July 17 2015
Raise your hand if you're always skipping post-run stretches. Now you won't with this trick.
When race-day prep doesn’t help you find the best shirt, shoes, socks or gels.
We’ve all heard it before: Don’t try anything new on race day. Test out your gear and fueling in training to find out what works for you, so when the day comes to test your strength, you’ll be strong.
I’ve had every intention of training with that philosophy during the first half of this year as I’ve ramped up the number of races I do. But frankly, when things don’t go right in training, it’s tough to know what to do for a race.
My biggest issues are with blisters on the inside of my feet, with my stomach and digestive issues, and with my pacing, aka speed. Will this sock-shoe combo give me blisters, and if it doesn’t at 5K, does that mean it won’t at 13.1? My fueling questions have varied from what to eat pre-race and carry on long runs to how often to refuel without needing a portapotty. And I have a tough time varying my pace for a negative split: It’s so much easier to go faster in the first half of a race.
I should readily admit that because of my job, I have the opportunity (or duty!) to test out all kinds of products. And because of my inquisitive nature, I love trying new things, so to some extent, I’m sure that adds to my difficulty to dial in the perfect race-day routine.
IN TRAINING: Sometimes the shape of your foot simply means you can be prone to blisters. Not having found a perfect shoe-sock combo for my longer runs, I think genetics is part of my problem. I tend to recover pretty quickly though.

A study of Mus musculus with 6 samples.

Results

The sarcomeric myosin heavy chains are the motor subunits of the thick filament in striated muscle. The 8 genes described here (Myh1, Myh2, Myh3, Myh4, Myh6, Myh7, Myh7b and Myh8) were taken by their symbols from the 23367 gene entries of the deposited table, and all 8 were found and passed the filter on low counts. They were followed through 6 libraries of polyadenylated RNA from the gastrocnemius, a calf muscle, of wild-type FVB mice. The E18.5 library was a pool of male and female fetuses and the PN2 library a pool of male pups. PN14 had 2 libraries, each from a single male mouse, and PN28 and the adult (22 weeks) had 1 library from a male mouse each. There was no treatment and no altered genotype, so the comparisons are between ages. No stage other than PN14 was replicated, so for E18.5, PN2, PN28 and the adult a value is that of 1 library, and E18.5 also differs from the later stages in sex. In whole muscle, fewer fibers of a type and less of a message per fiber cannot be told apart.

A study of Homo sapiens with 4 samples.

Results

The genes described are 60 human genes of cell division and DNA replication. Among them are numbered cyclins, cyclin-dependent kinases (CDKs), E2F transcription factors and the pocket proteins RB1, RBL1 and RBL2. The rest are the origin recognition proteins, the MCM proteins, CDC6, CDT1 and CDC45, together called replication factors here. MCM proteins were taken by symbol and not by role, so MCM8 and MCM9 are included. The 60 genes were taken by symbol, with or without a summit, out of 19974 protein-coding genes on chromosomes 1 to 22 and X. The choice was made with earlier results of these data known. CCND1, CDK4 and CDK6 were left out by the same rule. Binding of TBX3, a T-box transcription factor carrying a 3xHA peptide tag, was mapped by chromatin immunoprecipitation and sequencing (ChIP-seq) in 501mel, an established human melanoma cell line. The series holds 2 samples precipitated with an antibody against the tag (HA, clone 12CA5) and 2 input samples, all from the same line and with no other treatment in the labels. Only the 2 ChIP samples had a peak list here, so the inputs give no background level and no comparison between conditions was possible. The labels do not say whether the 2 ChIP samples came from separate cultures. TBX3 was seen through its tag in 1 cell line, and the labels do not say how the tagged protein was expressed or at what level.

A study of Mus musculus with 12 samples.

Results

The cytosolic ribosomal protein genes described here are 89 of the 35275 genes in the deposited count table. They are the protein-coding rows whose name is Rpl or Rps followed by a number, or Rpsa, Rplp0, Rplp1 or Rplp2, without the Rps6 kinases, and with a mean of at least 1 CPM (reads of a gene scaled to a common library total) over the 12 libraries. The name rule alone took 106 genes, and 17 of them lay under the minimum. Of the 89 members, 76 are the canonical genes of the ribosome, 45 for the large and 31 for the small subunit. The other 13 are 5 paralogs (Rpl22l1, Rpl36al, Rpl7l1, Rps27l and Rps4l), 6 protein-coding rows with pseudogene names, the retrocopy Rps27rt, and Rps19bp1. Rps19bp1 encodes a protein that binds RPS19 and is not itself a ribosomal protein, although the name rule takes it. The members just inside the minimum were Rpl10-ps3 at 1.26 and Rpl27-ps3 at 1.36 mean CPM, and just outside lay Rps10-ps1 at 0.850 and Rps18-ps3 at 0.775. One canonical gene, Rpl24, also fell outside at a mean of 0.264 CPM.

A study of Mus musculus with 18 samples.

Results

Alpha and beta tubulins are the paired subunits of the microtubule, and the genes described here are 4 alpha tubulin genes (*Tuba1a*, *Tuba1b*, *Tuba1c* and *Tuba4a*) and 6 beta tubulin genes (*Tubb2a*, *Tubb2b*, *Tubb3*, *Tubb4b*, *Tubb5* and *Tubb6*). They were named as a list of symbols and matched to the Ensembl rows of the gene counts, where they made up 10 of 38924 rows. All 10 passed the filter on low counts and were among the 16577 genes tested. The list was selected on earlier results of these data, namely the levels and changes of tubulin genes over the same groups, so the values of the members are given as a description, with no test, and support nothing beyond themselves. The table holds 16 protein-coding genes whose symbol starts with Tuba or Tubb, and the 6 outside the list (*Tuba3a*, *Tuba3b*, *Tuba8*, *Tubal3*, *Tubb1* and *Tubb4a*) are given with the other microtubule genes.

IN RACING: My feet grew this year. Yes, I’m in my forties, but after a Ragnar Relay this spring, I needed to go up a half size. I ran in a brand new, bigger shoe for a 10K—yes, a new pair on race day! Better than having my toes squished and getting blisters in new places.
IN TRAINING: I can eat the same thing and sometimes it’s good and sometimes it’s bad. I can also have a short period of discomfort—they say the mind can affect digestion so I try and stay very calm about stomach and bowel pains and they can subside (sometimes).
IN RACING: It’s possible to get a little stomach bug on race day, which means you shouldn’t read into it too much. Maybe those chews weren’t the culprit, especially since they work well in training. Also, not using any fuel for long runs so you don’t have stomach issues? Not a good plan.
IN RACING: It’s not so easy in racing. I tend to want to go out fast and she’s better at building speed at the end. Experts say you should “negative split,” or run the second half faster than the first, so I tried not to push the pace in my last half marathon. But I still went slower in the second half.
One thing is clear, I can still use more practice—in training and racing.
Blister Sufferers: If your feet sweat a lot, use foot powder before a run to help control the moisture and prevent blisters, but if your feet don’t sweat all that much, rub on BodyGlide or a similar product to add moisture.
Tummy Troubled: It may be easier to eat a good meal the night before a race and have something lighter the morning of, knowing that you have some stores to keep you going.
Pace Challenged: I’ve found that tracking my speed with a GPS watch has made it a lot easier to know how fast I’m going. Generally you can have the watch report your current speed and your speed per mile, so you can track yourself real time and over the length of your run.
Nicki Miller is the managing editor for Competitor and Women’s Running. Follow her on Twitter @nickiontherun.